Choose the Sun, Not the Surrounding Storm
Editor's Note: This is part of Nancy's Resilience series. Please see other posts in this series.
The sun shines nearly every day in Denver. It’s what drew me here 13 years ago after losing my first husband, Brett, to brain cancer when our twins, Rebecca and Casey, weren’t even 3 years old. (Read more about our journey) I needed the sunshine to heal then—and I need it now. The sun is more powerful than cancer, and I have to believe that it’s more powerful than COVID-19, which has thrown the entire world into crisis.
For cancer patients, in particular, the pandemic has created another level of disruption. Weakened immunity puts patients at greater risk, and hospitals are so bogged down by COVID-19 that sometimes treatment must be delayed in order to minimize risk of infection. That’s not all. Because COVID-19 is highly contagious, most caregivers can no longer accompany loved ones to the hospital. The changing landscape is full of unknowns, making everyone feel upside down.
This is the first in a series of new columns about resilience, an area I’m passionate about and grew to be an expert in precisely because of my experience as a longtime cancer caregiver. Let me tell you my philosophy. Resilience is about pushing past challenges. Not in a blind, fast and furious manner; that doesn’t yield long-term gains. Real resilience—the kind that we know in our gut and can activate on any given day—requires something deeper. We have to go beyond the surface of our problems by looking at them in a more nuanced way and with broad perspective. How do we do this? By cultivating the necessary self-awareness to see the lessons and losses that challenges present. Only in this way can we put ourselves on the path of growth. Which is the whole point to resilience.
It occurs to me that making peace with vulnerability is the lesson we must learn right now. It’s a lesson that many cancer patients and caregivers have learned before but are being reminded of once again in the midst of the current pandemic. I can still taste the vulnerability I felt when Brett was first diagnosed in 1998. It rose from my belly and sat like curdled milk on my tongue. I felt this sour taste of vulnerability throughout the entirety of Brett’s treatment and during the long periods of remission when we hoped that life would return to normal. I felt its bitter residue when he died, when his suffering (and ours) was over, yet in so many ways new fears sprang up instead. As a young widow, I worried about my mortality, my children’s mortality, my parents, and on and on.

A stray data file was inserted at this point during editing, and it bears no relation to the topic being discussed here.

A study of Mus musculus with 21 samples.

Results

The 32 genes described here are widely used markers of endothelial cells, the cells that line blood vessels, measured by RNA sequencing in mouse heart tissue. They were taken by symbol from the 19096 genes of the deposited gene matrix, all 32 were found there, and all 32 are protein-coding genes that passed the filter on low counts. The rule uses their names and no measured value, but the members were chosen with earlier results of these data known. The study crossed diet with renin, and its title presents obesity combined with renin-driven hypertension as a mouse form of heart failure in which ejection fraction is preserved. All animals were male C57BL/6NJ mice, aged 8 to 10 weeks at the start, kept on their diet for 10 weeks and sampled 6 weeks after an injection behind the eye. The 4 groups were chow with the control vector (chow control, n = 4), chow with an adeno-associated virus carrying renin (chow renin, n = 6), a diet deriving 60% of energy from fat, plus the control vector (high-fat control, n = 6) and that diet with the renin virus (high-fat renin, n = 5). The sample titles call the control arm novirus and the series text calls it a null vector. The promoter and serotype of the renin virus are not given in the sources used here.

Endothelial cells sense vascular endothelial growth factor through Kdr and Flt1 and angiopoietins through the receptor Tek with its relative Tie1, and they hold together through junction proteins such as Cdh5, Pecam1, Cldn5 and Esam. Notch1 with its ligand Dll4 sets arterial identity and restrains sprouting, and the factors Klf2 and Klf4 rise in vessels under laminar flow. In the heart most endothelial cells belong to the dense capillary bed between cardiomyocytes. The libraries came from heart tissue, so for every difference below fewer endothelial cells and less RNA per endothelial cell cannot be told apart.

It took a long time for me to recognize that running from vulnerability was not going to help me to move forward in my life. Steering clear of my feelings allowed me and my twins to feel better in the short-term, but sooner or later those uncomfortable feelings erupted and then everyone felt worse. It wasn’t until I began to write my story in earnest that I understood something different about vulnerability. I discovered its relevance: that to be vulnerable is to be alive, and vice versa. We can’t have one without the other because vulnerability is part of the human condition.
Brené Brown, PhD, has spent decades researching this topic. “Vulnerability is not winning or losing; it’s having the courage to show up when we have no control over the outcome,” she says. Brown is a professor at the University of Houston, bestselling author, and podcast host of Unlocking Us.
Right now, it feels as though we have little control over how the COVID-19 pandemic turns—who gets sick, who recovers, who dies. It’s not that different from receiving a cancer diagnosis.
So how then can we learn to make peace with our vulnerability?
Back to the healing power of sunshine. What can you do to let joy and light into your life? If you can’t step outdoors to turn your face to the sun, try meditating on sunshine by filling your whole body and mind with spaciousness and light. The world has gone virtual, so now’s the time to use every resource available to you.
Resilience is a mindset. Choose to see the sun, not the surrounding storms.